A part of the Radical Humans Series

A bowl of white liquid on a black background. Something has fallen into the bowl and made a big splash. There is some dried fruit in front of the bowl.

Splat! A plate of food goes face down on the floor of my kitchen in Seattle. Darn, I’d just carefully prepared that plate and was really looking forward to eating it. But this time, in a manner that was very unlike the version of me that had prepared the food, l let out a big belly laugh and said a loud and raucous “Good!!”

The food was already a casualty of my inattentiveness, I didn’t need to make my self esteem another casualty. So I laughed as I cleaned the food up, and marveled at the fact that I was laughing. It seemed so bizarre to me, but it also felt like such a night and day improvement over what I would have done just months earlier - which would have been to beat myself up, criticize myself for making such a careless mistake, and just generally pickle myself in a sour mood for perhaps the rest of the day.

You see, when I learned this practice I was both incredibly ambitious and eager to grow, and highly self critical and a bit suspicious of anything “positive.” But I gave it a try that day and haven’t looked back.

Mistakes and messes are a fact of life as far as I can gather, so learning to flow with them gracefully is a worthwhile endeavor. And this practice is one of the simplest ways to flow with them that I’ve found. It’s as simple as I’ve described above - when you make a mistake or a mess, in that split second before you go into your habitual reactivity and negativity, say the word “Good!” out loud, with gusto, with an open chest, and a soft belly. Following it with a belly laugh, even if it’s a bit contrived, seals the deal. If you can change your physiology for long enough to ride out the storm of your impulsive and seemingly hard wired negative reaction, you can side step it all together.

It’s as if you’re on the “Feel Good Freeway” of life, just cruising along doing your thing, and then some bump in the road (a mistake) causes you to want to take the nearest exit into Critical Town. But if you can stay in your lane for long enough to pass the exit, you’ll stay on the freeway, and keep feeling good. You don’t need to fight the urge forever, you just need to make it past the exit.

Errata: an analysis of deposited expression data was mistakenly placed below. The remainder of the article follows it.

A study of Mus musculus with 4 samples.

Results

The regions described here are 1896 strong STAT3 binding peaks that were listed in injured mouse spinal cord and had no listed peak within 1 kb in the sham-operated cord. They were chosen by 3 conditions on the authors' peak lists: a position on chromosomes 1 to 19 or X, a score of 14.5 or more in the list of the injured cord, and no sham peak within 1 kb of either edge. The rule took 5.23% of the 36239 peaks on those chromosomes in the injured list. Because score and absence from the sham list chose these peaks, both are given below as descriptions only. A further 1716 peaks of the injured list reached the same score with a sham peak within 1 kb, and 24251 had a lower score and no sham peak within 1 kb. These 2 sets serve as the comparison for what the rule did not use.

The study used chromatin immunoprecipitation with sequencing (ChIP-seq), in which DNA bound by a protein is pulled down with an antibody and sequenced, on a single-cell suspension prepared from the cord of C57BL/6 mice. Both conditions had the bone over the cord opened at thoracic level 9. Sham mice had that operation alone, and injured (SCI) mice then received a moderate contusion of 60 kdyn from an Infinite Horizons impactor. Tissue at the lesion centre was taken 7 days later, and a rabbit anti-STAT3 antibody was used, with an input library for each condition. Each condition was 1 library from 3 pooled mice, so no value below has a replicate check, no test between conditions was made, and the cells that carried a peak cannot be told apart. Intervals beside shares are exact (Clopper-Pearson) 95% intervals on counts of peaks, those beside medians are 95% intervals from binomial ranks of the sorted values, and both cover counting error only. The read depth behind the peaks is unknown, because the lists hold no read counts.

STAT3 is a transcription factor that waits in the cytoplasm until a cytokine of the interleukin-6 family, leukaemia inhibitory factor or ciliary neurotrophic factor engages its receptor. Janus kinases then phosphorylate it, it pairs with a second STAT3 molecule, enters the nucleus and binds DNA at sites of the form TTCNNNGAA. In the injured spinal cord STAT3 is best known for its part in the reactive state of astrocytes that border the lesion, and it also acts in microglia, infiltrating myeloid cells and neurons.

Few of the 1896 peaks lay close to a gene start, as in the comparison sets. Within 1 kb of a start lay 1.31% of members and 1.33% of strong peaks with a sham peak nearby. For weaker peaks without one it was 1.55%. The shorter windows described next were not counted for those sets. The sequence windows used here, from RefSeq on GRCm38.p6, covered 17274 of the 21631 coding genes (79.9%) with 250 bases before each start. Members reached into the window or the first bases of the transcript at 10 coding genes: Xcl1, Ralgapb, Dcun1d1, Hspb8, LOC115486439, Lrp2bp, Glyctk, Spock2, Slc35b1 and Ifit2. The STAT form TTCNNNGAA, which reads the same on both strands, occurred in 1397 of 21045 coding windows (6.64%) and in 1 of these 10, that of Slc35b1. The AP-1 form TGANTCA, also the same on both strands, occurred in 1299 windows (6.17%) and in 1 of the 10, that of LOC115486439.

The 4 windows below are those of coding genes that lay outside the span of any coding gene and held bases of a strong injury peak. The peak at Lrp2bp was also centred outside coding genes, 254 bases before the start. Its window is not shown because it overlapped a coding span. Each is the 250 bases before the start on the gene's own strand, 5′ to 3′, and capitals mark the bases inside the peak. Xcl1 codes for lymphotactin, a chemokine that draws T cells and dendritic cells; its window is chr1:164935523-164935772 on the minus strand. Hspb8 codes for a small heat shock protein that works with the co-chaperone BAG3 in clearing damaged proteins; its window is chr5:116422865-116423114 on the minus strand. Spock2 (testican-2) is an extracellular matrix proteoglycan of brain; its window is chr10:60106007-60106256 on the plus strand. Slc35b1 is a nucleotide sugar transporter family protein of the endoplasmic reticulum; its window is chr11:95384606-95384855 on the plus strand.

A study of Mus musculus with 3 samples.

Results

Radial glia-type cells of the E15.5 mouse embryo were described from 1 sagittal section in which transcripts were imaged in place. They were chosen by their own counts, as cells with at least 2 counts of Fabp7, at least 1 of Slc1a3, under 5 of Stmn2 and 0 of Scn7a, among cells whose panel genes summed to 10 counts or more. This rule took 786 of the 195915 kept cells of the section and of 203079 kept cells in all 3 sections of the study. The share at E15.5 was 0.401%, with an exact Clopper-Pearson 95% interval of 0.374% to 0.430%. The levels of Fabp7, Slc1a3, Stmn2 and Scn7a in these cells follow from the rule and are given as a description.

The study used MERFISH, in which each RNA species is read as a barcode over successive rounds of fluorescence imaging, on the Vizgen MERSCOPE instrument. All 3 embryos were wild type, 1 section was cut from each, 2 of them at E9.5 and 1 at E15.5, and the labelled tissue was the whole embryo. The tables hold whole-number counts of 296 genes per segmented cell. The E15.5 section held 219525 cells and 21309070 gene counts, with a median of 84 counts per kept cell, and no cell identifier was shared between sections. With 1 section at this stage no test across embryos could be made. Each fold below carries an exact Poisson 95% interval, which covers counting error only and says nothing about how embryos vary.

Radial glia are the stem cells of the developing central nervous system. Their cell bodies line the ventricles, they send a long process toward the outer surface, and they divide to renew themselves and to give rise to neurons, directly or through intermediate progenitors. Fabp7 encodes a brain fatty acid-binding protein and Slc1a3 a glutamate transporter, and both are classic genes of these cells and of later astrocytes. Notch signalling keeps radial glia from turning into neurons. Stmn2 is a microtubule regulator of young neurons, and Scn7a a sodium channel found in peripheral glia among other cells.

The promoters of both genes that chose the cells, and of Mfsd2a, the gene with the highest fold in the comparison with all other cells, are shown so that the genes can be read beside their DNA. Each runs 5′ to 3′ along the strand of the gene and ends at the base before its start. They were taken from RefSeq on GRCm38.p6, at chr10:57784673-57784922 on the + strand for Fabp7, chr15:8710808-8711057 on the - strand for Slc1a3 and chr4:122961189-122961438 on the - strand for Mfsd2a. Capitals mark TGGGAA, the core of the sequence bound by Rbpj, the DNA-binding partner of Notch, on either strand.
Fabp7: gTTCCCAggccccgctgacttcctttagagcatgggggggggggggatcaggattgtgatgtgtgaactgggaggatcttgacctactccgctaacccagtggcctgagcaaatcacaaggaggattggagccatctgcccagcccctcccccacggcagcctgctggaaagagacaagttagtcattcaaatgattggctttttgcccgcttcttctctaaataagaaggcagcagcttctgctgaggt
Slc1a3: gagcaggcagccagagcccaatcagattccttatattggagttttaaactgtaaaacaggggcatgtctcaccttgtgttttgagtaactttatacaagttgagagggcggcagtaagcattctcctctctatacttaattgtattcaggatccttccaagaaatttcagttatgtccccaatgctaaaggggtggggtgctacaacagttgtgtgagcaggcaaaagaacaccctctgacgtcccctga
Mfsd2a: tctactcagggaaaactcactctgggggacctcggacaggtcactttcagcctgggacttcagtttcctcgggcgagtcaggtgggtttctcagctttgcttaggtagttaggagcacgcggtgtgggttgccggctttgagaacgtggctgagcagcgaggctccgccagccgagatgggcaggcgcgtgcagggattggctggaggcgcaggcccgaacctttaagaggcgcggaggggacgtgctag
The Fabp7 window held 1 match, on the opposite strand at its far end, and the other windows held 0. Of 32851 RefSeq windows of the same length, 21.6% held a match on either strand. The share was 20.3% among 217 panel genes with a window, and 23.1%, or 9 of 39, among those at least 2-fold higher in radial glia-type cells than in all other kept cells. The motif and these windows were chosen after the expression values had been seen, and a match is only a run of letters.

In Buddhism this is often referred to as not shooting the second arrow. Pain is inevitable, it is baked into the human experience for we are mortal creatures. But suffering is a choice. Suffering is the result of unconsciousness clouding us from the deeper truth that those bumps in the road cannot touch us, cannot penetrate to the core of our true selves to damage us. Shooting the second arrow of self criticism and negativity is a choice. A choice I hope you learn to avoid making.

If I knew then what I know now, as soon as I’d cleaned up the mess I would have cleared the belief: mistakes and failure are bad, but without knowing the tools for clearing beliefs yet I was simply pleased that I had screwed something up so royally and yet somehow felt relaxed and unaffected, perhaps even joyful.

To get the true benefit of this practice, I suggest choosing it as a focus area for the next week. Make a concerted effort to bring mindful awareness to the moments when you make a mistake or do something you would typically judge negatively, and in those moments let out a laugh and a “Good!” or if all else fails, take a big breath and let out a guttural sound or cough while pushing your belly out. As if you were practicing a martial arts strike. By pushing your belly out, whether through laughing, speaking, coughing, or exclaiming, you’re sending a signal to your nervous system that it’s okay to be in a relaxed state. And in doing so, you actively control your physiology and create a state of non-reactivity.

You can install this as a new habit, and then take it with you on autopilot for as long as you like. And for as much as I talk about habits being the hard way, and as much that’s still true, sometimes the hard way is the best option. After you’ve cleared the beliefs that have been holding you back, it’s the time to start building some new and powerful ways of operating.